Tonight, the Showroom is launching Our North: a short season of films that explore films written by the Barnsley-born Barry Hines. Hines was one of those rare writers who remained wholly committed to writing about where he came from and the issues that faced the working class.
Beyond Kes, there are three films from the 80s that focus on the deeply transformative effects of Thatcherism on the North. Starting with The Gamekeeper, directed by Ken Loach and adapted from Hines’s novel of the same name, a former steelworker turned gamekeeper for a Duke’s estate (Wortley Hall features as the Duke’s stately home) navigates an uneasy relationship between nature, his occupation and the other locals: his position as someone who upholds the rules and rights of the upper class sets him apart. Looks and Smiles is the second film in this trilogy-of-sorts, once again adapted from a Hines novel and directed by Loach. It is beautifully shot in black and white, and follows Mick and his mate Alan (a young Tony Pitts) who are two teens looking for work in recession-hit Sheffield. The New York Times made a point - in what was actually a glowing review - that the Sheffield dialect meant that “a great deal of the dialogue remains unintelligible to the American ear” - so there’s a reason to come and see the film in case you needed one!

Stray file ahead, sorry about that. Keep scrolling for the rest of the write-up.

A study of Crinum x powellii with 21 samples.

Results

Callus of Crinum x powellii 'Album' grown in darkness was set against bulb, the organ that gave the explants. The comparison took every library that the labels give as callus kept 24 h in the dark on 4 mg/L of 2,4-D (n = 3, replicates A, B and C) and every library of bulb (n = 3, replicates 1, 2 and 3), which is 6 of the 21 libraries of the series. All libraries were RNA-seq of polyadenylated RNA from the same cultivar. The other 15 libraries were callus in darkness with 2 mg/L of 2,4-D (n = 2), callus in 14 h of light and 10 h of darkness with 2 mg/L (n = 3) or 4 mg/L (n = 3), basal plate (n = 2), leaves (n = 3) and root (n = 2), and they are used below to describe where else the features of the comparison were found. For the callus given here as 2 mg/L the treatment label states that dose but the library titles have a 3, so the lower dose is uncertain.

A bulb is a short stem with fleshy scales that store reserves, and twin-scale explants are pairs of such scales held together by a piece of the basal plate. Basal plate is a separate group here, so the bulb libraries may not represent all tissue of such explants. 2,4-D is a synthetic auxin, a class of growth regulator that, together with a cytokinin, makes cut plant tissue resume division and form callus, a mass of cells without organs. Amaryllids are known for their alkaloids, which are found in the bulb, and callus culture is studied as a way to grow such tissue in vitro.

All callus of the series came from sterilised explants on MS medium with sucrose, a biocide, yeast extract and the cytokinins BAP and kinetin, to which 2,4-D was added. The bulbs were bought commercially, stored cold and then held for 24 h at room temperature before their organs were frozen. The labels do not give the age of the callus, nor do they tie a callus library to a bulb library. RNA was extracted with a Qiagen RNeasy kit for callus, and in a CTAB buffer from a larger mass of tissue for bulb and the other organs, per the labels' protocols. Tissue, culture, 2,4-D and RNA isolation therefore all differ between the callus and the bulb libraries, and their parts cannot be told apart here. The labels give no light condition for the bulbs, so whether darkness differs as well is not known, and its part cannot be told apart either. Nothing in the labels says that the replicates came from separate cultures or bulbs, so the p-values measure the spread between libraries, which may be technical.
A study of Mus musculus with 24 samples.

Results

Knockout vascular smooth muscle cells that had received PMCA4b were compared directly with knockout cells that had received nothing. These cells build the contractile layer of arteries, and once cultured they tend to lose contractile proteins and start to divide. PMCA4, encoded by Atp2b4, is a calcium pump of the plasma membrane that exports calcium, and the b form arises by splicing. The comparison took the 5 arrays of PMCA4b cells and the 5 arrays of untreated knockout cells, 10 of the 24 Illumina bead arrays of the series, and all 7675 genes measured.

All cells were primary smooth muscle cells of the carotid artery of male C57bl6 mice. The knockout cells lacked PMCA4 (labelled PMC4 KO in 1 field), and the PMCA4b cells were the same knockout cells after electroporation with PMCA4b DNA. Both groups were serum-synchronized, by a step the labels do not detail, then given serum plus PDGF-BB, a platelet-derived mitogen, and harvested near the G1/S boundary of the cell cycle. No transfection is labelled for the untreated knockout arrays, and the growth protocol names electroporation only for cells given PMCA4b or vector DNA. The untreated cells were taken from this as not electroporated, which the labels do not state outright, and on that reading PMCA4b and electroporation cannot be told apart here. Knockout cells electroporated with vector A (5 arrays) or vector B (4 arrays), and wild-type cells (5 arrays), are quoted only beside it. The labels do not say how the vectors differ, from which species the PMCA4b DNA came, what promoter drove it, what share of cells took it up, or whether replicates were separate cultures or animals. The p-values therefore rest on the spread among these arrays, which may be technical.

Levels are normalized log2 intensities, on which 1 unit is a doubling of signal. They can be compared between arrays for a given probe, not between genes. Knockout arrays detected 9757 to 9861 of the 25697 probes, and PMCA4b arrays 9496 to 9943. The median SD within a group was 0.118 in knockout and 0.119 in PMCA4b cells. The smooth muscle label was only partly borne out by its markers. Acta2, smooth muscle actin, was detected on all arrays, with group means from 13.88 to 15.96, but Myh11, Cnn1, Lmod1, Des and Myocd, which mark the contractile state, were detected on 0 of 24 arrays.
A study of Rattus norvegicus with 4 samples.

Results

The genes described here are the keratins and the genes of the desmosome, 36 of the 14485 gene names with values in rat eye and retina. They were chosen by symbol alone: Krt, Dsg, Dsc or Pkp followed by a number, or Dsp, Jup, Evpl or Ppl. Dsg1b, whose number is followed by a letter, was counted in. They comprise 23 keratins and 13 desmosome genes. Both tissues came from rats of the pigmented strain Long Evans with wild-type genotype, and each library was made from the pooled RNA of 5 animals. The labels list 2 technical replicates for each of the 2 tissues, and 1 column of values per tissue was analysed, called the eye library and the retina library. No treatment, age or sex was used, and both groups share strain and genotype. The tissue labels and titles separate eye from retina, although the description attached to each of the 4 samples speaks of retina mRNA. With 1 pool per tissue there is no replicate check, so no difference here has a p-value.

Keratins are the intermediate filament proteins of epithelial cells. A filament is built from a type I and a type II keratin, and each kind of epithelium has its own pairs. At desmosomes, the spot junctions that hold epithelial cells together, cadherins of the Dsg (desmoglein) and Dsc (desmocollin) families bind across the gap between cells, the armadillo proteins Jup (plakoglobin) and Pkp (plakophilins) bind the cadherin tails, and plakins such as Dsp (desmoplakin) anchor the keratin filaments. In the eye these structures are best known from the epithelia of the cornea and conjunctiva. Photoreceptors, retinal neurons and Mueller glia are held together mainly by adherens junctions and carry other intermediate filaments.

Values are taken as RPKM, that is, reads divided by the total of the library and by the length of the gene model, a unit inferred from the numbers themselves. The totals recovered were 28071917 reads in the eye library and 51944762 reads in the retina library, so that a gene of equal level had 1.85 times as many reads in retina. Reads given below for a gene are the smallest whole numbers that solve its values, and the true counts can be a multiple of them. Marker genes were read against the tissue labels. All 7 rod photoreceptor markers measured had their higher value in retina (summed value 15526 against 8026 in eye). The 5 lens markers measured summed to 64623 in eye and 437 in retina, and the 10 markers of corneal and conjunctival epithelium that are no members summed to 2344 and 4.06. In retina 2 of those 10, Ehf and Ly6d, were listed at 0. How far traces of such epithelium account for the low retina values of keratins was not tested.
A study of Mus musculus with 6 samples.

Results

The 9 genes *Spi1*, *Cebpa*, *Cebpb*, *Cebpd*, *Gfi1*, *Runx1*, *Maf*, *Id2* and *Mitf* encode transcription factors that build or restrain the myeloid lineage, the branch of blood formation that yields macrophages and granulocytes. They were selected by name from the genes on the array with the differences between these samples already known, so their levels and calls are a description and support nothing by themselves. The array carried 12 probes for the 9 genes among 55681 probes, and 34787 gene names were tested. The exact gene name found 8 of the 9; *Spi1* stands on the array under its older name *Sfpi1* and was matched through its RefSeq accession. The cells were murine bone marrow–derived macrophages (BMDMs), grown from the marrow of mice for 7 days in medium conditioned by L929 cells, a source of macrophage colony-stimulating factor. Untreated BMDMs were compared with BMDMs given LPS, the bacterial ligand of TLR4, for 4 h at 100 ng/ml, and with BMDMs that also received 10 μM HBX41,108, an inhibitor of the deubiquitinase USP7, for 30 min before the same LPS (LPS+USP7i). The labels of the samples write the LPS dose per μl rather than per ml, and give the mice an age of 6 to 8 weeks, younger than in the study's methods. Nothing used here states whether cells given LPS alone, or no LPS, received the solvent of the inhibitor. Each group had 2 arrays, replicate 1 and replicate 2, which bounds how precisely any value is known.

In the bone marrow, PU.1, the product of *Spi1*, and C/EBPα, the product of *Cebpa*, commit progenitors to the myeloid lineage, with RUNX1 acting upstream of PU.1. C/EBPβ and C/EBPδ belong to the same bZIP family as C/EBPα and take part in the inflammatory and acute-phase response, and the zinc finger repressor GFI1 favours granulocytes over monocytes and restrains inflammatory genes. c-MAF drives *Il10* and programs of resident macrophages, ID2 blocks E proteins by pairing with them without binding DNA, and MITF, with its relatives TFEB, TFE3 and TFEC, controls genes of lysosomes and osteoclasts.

The unparalleled Threads finishes the season: the 1984 documentary-style TV drama that terrified a nation who watched on as the Kemp and Beckett families struggled to survive a nuclear attack. It’s a rare opportunity to catch these films on the big screen and we are thrilled to be showing them, supported by Film Hub North and in partnership with the Kes 50 project.
If thoughts of nuclear war leave you feeling sleepless at night, perhaps cuddling up to one of the most loveable characters in literary history might help to soothe? From Friday we’ll be venturing to the Hundred Acre Wood - or, we will be, if Christopher Robin can rekindle the dampened spark of his imagination and get back in touch with his stuffed childhood friends. Featuring Ewan McGregor as our titular hero, Christopher Robin tells the story of a man who has grown up and lost his way.
If you prefer to venture into the annals of British history through 100 years of rarely-seen wonderous archive material set to a hypnotic electro-folk soundtrack - Arcadia is a definite must-see this weekend.
Paul Wright offers a kaleidoscopic tour around the wild and wonderful British rural landscape, scored by Portishead’s Adrian Utley and Will Gregory of Goldfrapp.